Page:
Can C-reactive protein levels increase the accuracy of the Ranson score in predicting the severity and prognosis of acute pancreatitis? A prospective cohort study
Department of General Surgery, Health Science University, Ümraniye Training and Research Hospital, İstanbul, Turkey
Department of General Surgery, Bezmialem Vakif University School of Medicine, İstanbul, Turkey
Department of General Surgery, Medeniyet University Göztepe Training and Research Hospital, İstanbul, Turkey
Turk J Gastroenterol ; : -
Background/Aims: Acute pancreatitis (AP) is an acute inflammatory disorder of the pancreas, and its severe form affects nearly all systems of the body. The purpose of this study is to assess the Ranson score and the C-reactive-protein level as a novel model for prediction of the disease severity and mortality.
Materials and Methods: A prospective cohort study was designed to evaluate the efficacy of the C-reactive-protein for the prediction of severe AP. We recorded the Ranson score and C-reactive-protein values in AP patients and determined the severity of the disease using the revised Atlanta classification. Four groups of criteria sets were created: Group 1: Ranson ≥3; Group 2: C-reactive-protein ≥150 mg/L; Group 3: Ranson ≥3 and C-reactive-protein ≥150 mg/L; Group 4: Ranson ≥3 or C-reactive-protein ≥150 mg/L. Identification of AP severity was accepted as the reference parameter for statistical analysis. Categorical variables were expressed as frequencies and percentages. The differences were considered as significant if the p value <0.05.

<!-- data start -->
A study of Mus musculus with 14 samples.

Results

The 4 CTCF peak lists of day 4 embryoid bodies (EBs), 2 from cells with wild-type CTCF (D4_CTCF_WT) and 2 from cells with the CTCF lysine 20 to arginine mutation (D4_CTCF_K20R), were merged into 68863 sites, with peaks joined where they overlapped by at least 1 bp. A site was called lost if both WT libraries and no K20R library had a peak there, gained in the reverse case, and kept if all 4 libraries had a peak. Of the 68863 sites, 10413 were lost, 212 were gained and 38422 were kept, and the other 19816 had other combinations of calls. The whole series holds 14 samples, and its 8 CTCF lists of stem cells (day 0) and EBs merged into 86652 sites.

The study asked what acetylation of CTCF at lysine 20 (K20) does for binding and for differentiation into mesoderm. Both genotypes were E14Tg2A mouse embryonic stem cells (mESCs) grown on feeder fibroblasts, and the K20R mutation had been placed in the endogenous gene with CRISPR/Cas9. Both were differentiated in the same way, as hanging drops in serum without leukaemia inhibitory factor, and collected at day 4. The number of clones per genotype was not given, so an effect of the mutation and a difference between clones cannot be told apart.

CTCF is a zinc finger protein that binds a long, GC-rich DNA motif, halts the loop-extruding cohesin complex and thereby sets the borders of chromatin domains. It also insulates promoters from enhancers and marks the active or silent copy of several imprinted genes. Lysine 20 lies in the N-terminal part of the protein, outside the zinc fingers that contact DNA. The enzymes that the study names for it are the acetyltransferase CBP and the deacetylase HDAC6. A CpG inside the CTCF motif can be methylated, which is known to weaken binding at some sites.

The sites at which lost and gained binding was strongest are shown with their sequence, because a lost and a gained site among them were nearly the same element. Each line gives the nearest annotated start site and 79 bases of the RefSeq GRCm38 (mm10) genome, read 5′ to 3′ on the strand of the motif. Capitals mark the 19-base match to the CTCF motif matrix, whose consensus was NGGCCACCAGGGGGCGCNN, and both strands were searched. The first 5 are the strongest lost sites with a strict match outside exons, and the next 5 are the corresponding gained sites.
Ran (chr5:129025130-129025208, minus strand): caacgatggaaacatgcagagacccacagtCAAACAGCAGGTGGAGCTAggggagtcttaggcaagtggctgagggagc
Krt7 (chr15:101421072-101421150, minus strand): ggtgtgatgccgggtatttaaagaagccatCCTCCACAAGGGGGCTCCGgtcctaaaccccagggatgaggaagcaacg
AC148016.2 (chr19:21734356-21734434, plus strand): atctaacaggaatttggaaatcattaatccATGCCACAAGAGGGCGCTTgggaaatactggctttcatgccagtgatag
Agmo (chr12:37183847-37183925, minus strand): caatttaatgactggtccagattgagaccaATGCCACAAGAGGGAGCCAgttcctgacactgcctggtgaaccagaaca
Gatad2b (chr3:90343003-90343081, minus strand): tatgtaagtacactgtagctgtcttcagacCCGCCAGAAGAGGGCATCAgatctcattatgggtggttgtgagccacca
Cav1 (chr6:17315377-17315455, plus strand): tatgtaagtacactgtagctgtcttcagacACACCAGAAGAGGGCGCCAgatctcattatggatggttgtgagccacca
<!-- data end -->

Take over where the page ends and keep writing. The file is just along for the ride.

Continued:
Results: Six hundred and thirty-eight patients with AP were included in our study. We recovered a statistically significant difference in our assessment of the prediction of the severity of AP among the various groups (p=0.001). Our analysis revealed that group 4 had the highest sensitivity of 90.1% and 93.5% to differentiate moderately severe and severe AP from mild AP, respectively. Group 3 had the highest specificity of 97.1% for both moderately severe and severe AP.
Conclusion: With the use of our new model, C-reactive-protein levels increase the efficacy of the Ranson score for predicting the severity of AP.